Hello,

I have implemented a transformer encoder-decoder architecture for regression, where I give the encoded sequence to the transformer decoder and the decoder runs step-by-step, i.e. it starts with [encoded,zeros] and predicts the first token, then continues with [encoded,zeros,token1_pred] and predicts the second token and so on.

When examining the outputs, I have noticed that even with a single multi head attention layer as the decoder I have numerical errors for the same inputs, e.g. the decoder always outputs the full sequence of tokens but we only use the last one, BUT the previous ones must be the same, as the inputs are exactly the same. By examining these this is not the case, and these errors start from 10e-8 but as they are propagated in the layers of the transformer and the timesteps of the decoding the error becomes so large that the outputs does not make any sense.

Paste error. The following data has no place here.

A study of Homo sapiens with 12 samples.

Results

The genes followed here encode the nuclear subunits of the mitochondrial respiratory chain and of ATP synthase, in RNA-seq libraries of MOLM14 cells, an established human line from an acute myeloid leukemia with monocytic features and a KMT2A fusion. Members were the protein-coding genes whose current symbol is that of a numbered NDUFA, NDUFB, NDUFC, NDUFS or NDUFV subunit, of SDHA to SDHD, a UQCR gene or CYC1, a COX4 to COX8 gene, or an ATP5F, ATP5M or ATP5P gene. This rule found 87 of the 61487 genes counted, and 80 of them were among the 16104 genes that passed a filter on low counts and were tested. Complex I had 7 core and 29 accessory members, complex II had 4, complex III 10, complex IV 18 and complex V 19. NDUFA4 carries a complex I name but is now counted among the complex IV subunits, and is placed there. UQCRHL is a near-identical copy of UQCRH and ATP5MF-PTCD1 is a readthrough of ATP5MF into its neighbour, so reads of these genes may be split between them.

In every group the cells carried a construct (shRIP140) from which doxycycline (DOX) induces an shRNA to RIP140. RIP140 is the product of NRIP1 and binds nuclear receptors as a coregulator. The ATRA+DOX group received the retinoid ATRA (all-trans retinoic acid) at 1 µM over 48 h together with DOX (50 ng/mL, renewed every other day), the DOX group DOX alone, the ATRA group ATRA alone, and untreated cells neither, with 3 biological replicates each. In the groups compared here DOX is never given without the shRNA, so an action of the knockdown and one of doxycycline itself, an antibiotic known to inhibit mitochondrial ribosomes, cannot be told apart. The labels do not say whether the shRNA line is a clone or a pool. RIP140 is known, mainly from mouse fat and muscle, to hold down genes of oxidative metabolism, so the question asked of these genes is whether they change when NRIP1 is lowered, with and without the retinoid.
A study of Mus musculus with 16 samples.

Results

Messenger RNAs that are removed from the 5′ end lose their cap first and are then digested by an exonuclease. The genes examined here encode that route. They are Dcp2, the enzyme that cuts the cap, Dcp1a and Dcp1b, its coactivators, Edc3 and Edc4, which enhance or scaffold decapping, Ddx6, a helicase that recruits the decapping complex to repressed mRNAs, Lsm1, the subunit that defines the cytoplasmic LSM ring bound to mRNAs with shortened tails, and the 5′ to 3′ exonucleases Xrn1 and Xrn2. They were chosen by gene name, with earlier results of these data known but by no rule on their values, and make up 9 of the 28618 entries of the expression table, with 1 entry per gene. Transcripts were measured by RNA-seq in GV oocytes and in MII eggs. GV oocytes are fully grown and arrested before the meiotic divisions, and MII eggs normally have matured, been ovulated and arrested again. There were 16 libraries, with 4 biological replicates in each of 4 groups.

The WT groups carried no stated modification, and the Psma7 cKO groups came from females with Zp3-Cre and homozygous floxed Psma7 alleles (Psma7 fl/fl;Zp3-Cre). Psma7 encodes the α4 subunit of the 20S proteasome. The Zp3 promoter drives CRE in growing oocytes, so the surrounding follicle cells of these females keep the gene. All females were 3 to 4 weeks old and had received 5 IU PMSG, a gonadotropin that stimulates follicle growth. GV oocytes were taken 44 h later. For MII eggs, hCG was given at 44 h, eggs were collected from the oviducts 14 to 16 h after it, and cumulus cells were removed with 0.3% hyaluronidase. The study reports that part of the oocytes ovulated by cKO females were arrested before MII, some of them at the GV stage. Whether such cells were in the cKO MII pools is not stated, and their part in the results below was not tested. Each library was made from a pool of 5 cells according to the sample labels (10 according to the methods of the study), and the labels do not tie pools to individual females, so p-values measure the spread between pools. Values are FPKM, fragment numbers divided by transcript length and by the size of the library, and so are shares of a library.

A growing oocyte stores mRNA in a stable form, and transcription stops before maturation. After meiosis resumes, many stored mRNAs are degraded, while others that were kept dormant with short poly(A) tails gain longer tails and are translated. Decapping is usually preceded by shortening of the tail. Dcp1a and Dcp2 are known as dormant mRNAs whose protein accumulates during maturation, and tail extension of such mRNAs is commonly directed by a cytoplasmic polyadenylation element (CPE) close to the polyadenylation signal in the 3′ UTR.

I noticed the same behavior in Karpathy’s nanoGPT repo where the same thing happens with the logits which are the continuous values, but since a softmax is applied there, this is never reflected on the outputs because the indices remain the same.

The results of floating-point operations are subject to numerical precision errors even if they mathematically are the same.

This can be a problem (I’ve seen this e.g. with things like Llama’s ROPE and bf16 vs. fp16) but there is only so much that you can do about it since the deviations up to numerical precision are an implementation detail of the operations.

Best regards

Thomas

Yes, I noticed that in my case it cannot be avoided as it seems. It is weird because I hadn’t encountered this behavior with LSTMs because they keep their state, but transformers are very different and I notice some huge deviations.

Part of it might be that LSTMs were typically operated with 32bit precision and now we have 16 bit or tf32 a lot. Also, the classification of operators for “fp16-safety” in automatic multi-precision hints towards the softmax in the attention and the LayerNorms being potentially sensitive while LSTMCell is safe (Automatic Mixed Precision package - torch.amp — PyTorch 2.1 documentation).

Best regards

Thomas

Yes, I only play with 32bit, but I intended to start using torch.amp so this is a good thing to keep in mind thanks!